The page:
A fender bender is what happens when the two cars unsuccessfully fight the laws of physics and try to occupy the same space. Here’s how it happened to me and how I fixed it without the use of a body shop.

I’ve been the “victim” of a hit and run before - when I was in my early 20s, a Ford Focus with likely no insurance and a driver that was likely a posterchild for fetal alcohol syndrome ran into me in my mother’s 2000 Kia Sportage and then took off into the night, the Kia’s dual overhead cams not being able to keep up with his souped up Zetec. Even though my passengers and I were a bit shaken, the Kia was arguably fine and I kept driving to Applebees. Things were just easier back then.


While I was driving my Mercedes S500 to get oil for my upcoming service interval, I came up to a street in which there was a car double parked on the road and a car that was parked on the sidewalk, blocking a driveway. As I slowed to thread this needle, a woman on her cell phone, not paying attention to her surroundings, opens the door of her GMC Acadia with the force of a Punkin’ Chunkin’ trebuchet and immediately collides with my front fender. I screeched to a halt.

Oh shit, I’ll call you back!” I hear from her now worried looking face. I roll down the window and ask, “Are you OK?” She says she’s fine, but looks at my car and says “It looks like you’re not.”

After we exchanged info and this person - that parked on the sidewalk, on the side of the street where there is no parking anytime, blocking no less than two active driveways, not paying attention to opening her door into oncoming traffic - tells me that “It’s really nobody’s fault,” I insisted that she pay for the damages and she agreed, up until the point where she asked me to give her “a few days to come up with the cash,” at which point I agreed, knowing what it’s like to have unexpected bills show up, and she actively avoided me after that with my car damaged to the point where I couldn’t open my passenger’s front door.

Lesson learned - no good deed goes unpunished. But that’s not what’s important right now.

Here’s what I did to remedy the situation.

Whenever you have a panel that isn’t a rear quarter panel on most cars, it can be replaced because it’s a bolt-on part. When you have a mass-produced car like mine, it’s fairly simple to procure a used part, and I would always consider used over new due t the cost and downtime. I didn’t opt to go through insurance because of the fact that the damage was purely superficial and the part cost much less than my deductible was. I also didn’t want an accident listed on the car’s spotless history report because reports don’t often paint an accurate picture of the severity of said crash. I’d rather just explain what happened when and if I sell this car on to the next lucky owner.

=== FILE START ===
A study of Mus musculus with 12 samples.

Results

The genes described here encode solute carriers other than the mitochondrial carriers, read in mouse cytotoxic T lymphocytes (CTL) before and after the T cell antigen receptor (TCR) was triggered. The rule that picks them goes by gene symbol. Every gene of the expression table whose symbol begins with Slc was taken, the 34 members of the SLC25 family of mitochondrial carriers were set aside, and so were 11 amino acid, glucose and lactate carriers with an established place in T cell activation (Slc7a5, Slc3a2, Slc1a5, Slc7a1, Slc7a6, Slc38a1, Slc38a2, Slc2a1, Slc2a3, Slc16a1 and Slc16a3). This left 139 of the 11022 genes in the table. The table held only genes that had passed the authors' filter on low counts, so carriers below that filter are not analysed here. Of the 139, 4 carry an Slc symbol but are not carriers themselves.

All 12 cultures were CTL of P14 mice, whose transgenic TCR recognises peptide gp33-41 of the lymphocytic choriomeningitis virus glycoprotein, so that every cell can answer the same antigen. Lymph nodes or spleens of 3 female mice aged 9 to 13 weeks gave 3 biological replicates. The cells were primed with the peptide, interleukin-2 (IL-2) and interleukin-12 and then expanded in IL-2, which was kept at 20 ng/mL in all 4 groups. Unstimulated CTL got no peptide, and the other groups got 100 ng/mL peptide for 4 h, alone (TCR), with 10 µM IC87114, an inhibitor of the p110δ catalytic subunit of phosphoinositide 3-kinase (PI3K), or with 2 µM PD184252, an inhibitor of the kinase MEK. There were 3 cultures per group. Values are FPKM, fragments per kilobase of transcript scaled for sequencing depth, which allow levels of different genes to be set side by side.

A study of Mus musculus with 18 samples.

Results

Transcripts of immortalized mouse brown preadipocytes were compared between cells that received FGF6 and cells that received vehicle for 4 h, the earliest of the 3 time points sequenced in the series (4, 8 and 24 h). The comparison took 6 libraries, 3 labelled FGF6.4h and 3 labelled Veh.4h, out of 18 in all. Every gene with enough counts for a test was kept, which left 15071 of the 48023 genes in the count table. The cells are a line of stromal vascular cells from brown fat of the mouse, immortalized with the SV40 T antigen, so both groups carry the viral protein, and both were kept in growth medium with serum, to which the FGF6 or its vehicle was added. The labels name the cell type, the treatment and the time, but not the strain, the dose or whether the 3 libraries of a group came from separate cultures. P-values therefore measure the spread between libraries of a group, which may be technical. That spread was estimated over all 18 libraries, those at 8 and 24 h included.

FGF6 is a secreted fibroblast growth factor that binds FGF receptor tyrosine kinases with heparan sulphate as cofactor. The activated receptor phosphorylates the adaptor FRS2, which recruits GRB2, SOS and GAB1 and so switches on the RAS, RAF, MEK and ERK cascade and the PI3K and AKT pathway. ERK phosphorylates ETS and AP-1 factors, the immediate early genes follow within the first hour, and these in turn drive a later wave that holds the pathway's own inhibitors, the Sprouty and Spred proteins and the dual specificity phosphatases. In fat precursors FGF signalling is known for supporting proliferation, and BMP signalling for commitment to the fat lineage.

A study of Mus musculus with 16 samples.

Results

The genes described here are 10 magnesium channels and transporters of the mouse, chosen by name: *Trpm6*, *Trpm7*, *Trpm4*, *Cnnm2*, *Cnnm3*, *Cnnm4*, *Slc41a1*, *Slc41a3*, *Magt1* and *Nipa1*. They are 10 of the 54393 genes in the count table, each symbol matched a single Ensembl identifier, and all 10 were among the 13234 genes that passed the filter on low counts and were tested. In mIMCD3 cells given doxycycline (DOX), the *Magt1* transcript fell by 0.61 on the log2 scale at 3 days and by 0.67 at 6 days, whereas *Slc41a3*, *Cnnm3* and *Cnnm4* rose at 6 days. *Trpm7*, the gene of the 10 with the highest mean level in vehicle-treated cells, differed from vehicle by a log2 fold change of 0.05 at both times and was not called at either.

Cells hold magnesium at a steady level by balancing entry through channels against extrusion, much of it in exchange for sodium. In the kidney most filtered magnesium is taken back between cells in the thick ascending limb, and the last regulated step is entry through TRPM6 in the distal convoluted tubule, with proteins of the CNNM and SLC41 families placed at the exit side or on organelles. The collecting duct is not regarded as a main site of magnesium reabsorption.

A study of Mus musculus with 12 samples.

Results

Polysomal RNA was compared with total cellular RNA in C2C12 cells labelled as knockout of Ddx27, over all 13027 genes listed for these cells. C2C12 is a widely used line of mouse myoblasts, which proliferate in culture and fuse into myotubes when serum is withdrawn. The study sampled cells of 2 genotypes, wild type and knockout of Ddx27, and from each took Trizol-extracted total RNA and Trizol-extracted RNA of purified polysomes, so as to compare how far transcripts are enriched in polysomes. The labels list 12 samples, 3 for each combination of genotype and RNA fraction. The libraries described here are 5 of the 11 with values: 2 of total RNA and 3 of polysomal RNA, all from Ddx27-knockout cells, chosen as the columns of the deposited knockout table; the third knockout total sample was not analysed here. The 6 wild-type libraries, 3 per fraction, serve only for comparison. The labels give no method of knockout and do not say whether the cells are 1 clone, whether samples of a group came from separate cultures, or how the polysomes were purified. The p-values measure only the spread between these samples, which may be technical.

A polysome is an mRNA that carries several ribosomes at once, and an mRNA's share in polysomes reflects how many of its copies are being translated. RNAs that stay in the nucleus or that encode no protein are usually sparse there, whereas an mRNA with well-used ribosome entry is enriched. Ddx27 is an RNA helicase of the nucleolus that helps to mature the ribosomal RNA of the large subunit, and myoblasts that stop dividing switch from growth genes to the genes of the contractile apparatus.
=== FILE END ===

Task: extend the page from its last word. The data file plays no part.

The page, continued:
When the fender came in, I got to work removing everything that needed takin’ off, starting with the headlights, which came off by removing two 10mm bolts an 8mm retaining bolt, and disconnecting the two wiring harnesses. I then unscrewed the various 10mm bolts in the engine bay, connecting the top of the fender onto the car.

The fender isn’t bolted to the bumper, there’s simply a sliding bracket that’s held on by a single 8mm bolt. When I took that off, I could literally peel away the fender to see what bolts I’d have to deal with on the inside.

Two 10mm bolts on the inner fender held the panel on, as well as two 10mm nuts on the bottom, accessible by removing the side skirt, which was held on my four easily accessible 8mm bolts and a ton of plastic clips that surprisingly didn’t break. Mercedes quality, you have no rival.

Here’s the Mad Max S-Class.

After offering up the new part, it’s crucial that you thread in all the bolts and have it line up but don’t yet tighten anything down because you need to verify that panel gaps aren’t way off. The S-Class has pretty wide panel gaps as a standard feature, so it wasn’t hard to match them. I just used the driver’s side fender as an eyeballed template.

When you’re happy with the part lining up with the door, hood,and bumper, tighten all bolts down and reassemble all the parts you’ve taken off.

All in, the process took about two hours - the last half hour was used to clean the panel and polish it so it matched the rest of the car. Although the damage could have been much worse, the process is identical when you’re replacing a hood, door, or bumper. Be methodical and double and triple check fitment and panel gaps. The last thing you’d want is for your bolts to be as tight as possible then you find out that you’re off by an inch on one side and have to do the whole thing all over again.

If any of you have a good panel fixing before and after, show me in the comments!


Tavarish is the founder of APiDA Online and writes and makes videos about buying and selling cool cars on the internet. He owns the world’s cheapestMercedes S-Class, a graffiti-bombed Lexus, and he’s the only Jalopnik author that has never driven a Miata. He also has a real name that he didn’t feel was journalist-y enough so he used a pen name and this was the best he could do.

You can also follow him on Twitter and Facebook. He won’t mind.